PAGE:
24th September, 2019
- Day 17: Celorio to La Vega
- Distance: 32km
- Weather: Overcast
- Accommodation: Albergue Tu Casa, € donation (board, dinner & breakfast)
Cyndi and I walk together in the early morning and the kilometres fly by. We have hopes of staying at Albergue Tu Casa, but it’s 32km away, there’s only 7 beds and they don’t take reservations. So whether we can or not, lies in the hands of the Camino Gods…
I’ve been passing walnut trees every day of this trip but keep forgetting to take a photo. I wonder who it was that discovered walnuts? I understand why you would think it’s edible, it looks like a fruit. But once you pick it and peel away the skin, you’re left with a hard shell. So why would you think to pry it open and how would you know that the nut inside is edible? Crazy. I google this question and find a website about The Nutcracker Museum which states,
“The oldest walnut remains were discovered in Iraq, and they are believed to be from 50,000 B.C. The Greeks and Romans were fond of the walnut, and they were considered food for Gods by early Romans…”
I stop for lunch in Ribadesella then head to a supermarket for supplies for dinner. Once I reach San Esteban 5km away I need to call the 7-bed-no-reservations albergue (which is 2km further), and they’ll tell me whether there’s still any beds available. If not, then I need to stay at the albergue in San Esteban and there’s no facilities nearby, so I’ll need to cook dinner. I walk around the supermarket like a zombie, I can’t think of what to buy and leave with a tub of hummus, jamon and tortilla chips. Real healthy.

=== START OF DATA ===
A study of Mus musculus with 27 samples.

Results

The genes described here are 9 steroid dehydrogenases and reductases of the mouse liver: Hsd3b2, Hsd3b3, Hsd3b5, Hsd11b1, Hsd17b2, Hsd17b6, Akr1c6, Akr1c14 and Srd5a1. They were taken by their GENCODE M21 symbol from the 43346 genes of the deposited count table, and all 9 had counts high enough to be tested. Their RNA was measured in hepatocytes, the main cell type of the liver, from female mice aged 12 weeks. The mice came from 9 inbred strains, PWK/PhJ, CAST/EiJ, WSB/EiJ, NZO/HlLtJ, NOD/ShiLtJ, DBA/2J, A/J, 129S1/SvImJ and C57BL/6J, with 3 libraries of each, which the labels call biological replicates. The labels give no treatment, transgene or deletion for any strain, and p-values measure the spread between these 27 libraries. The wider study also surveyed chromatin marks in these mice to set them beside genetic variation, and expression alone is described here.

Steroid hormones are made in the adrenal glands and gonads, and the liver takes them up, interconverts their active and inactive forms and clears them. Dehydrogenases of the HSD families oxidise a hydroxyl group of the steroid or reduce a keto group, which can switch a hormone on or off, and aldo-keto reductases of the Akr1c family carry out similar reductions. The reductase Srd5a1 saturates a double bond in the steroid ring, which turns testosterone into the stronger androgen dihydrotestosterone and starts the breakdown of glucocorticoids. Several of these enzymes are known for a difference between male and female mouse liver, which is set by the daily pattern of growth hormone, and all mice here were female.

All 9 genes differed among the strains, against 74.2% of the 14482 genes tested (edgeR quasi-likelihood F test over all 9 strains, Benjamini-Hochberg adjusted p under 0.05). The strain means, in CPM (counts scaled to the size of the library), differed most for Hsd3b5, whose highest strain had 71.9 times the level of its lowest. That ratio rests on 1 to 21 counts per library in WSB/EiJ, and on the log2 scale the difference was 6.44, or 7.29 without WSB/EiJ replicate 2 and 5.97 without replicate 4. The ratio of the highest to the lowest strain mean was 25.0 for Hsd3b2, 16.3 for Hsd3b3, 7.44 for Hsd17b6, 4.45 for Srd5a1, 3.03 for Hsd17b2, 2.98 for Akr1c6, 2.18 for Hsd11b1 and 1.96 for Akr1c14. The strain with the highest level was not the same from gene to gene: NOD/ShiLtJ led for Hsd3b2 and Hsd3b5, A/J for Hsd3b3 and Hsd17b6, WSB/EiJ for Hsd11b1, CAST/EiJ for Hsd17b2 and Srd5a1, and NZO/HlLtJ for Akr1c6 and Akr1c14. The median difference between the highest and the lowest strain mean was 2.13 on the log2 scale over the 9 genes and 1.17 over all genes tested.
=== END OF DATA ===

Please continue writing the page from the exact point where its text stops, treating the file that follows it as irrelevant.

I catch up with Cyndi just before San Esteban and we call the albergue together. We can’t believe our luck when the lady on the phone tells us there are currently only two other pilgrims there! We high-five and let out a sigh of relief, thank you Camino Gods!
Soon after, we arrive, ring the bell and the kind owner tells us to take off our packs and relax for an hour until it opens. A few minutes later Michael arrives to stay and we decide to look around the village (maybe there’s a bar open?). We find beautiful paintings dotted on the buildings, it’s very charming. The bars are all closed but we do find a shop and buy a few beers and a bottle of wine to have with dinner.
By the time we get back, the albergue is open and we’re instructed to leave our backpacks outside. We’re given plastic tubs and told only to bring in what we need for the night. The beds have sheets so we don’t even need sleeping bags. It’s a beautiful home and the smell of food coming from the kitchen is divine. It’s all donation too, the bed, dinner and breakfast.
Just before dinner the owner receives a phone call, then asks if anyone has met a German man called Arnold? No-one has, but he’s on his way and we’re excited to meet a new pilgrim. Within the blink of an eye, Jörg walks in and seems upset that we’re not happy to see him. We are of course, but we tell him we were expecting Arnold and he erupts in laughter. ‘Arnold’ is the name he gives over the phone because people have trouble understanding Jörg. Then he does an Arnold Schwarzenegger impression and we’re all in tears with laughter. Good times!
Dinner is a vegetarian feast and every morsel tastes like it’s been made with love. It’s easy to see why this albergue is described as a ‘gem.’ It truly is, and then some.